Risks of Gestational Diabetes

baby arm and stethoscopeIn some situations, no matter if diabetes was present before, pregnant women who have high blood glucose can be diagnosed with gestational diabetes. In 2014, the Centers for Disease Control and Prevention analyzed the occurrence of gestational diabetes. They found that between 2007 and 2010, gestational diabetes was present in 9.2% of pregnant women. This condition begins as your body fails to make and use the necessary insulin for pregnancy. The blood glucose remains high because there is not enough insulin. This can be cause for numerous risks.

Our Houston birth injury attorneys at Hampton & King understand how gestational diabetes can have an effect on the mother and the baby during pregnancy. It is important to keep the blood glucose levels under control to help prevent the occurrence of gestational diabetes. There are a number of risks involved and you know what the conditions are and how they can affect the baby. You should also understand that if you have gestational diabetes, it does not mean that these conditions will arise.


Babies who have macrosomia — or a larger body than normal — face possible health problems during the birthing process. Because of the size of the baby, it may be more difficult for the mother to give birth in a natural way without the baby sustaining some kind of birth injury. If the baby’s size is not properly monitored, it may cause issues during delivery and an emergency cesarean section may be necessary. Unfortunately, the decision for C-section sometimes comes too early or too late, causing even further issues.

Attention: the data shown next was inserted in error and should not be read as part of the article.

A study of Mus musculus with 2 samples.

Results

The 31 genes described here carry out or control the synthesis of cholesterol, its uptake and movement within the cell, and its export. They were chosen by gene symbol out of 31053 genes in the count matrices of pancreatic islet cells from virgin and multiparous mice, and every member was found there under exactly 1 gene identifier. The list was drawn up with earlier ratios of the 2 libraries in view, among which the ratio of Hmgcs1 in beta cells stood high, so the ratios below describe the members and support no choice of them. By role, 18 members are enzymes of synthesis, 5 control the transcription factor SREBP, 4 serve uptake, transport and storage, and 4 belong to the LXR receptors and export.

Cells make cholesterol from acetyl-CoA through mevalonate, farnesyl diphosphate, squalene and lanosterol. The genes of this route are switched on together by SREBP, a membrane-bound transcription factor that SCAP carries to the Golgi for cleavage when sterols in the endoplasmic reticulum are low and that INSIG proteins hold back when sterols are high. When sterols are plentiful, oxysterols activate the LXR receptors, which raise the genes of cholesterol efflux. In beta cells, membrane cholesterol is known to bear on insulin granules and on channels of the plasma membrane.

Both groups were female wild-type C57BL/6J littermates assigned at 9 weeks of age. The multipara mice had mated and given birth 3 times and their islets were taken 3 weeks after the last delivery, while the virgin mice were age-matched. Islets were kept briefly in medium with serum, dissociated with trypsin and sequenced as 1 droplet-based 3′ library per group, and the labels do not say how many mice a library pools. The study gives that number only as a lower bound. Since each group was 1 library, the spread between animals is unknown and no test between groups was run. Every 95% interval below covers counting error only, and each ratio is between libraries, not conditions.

Hypoglycemia is a condition when the baby’s blood sugar is too low and the mother may be required to begin breastfeeding as soon as possible to help provide more glucose for the baby. At times, this may not be possible. This would require the baby to be provided glucose through a plastic tube. This goes into the baby’s arm and distributes the glucose directly into the baby’s blood stream.

Respiratory Distress Syndrome

This can often occur and cause trouble breathing, decreased urine output, unusual breathing movement, bluish skin and mucus membranes, and more. This may require the baby to be placed on a ventilator or the use of some other breathing assistance machine, ensuring the baby is provided with the oxygen they need. This should be monitored carefully, though, because too much oxygen can potentially case issues as well.


If correctly treated, jaundice is not a serious condition. However, it is caused by too much bilirubin, a yellow chemical in hemoglobin that carries the oxygen into the red blood cells. If the baby’s liver is unable to handle blood cells as they begin to break down, the bilirubin can start top build up, giving a yellowish appearance to the baby’s skin.

Low Magnesium and Calcium Levels

Unfortunately, gestational diabetes can cause the baby to have low levels of calcium and magnesium in the blood. It is a condition that can be treated with proper supplements being provided to the baby. However, it may cause the baby’s hands and feet to spasm or his or her muscles to cramp or twitch as a result.

It is important that your doctor pays close attention to your health to determine if you have gestational diabetes. If they do diagnose you with gestational diabetes, they should have a plan of action to monitor the baby and take action if it is necessary. If they don’t take action and your baby is harmed as a result, you may have grounds for a legal claim.

Call Hampton & King today to discuss a potential case with our Houston birth injury lawyers. We are dedicated to protecting families affected by negligent doctors and providing them with the counsel they need to move forward. We are ready to help you too.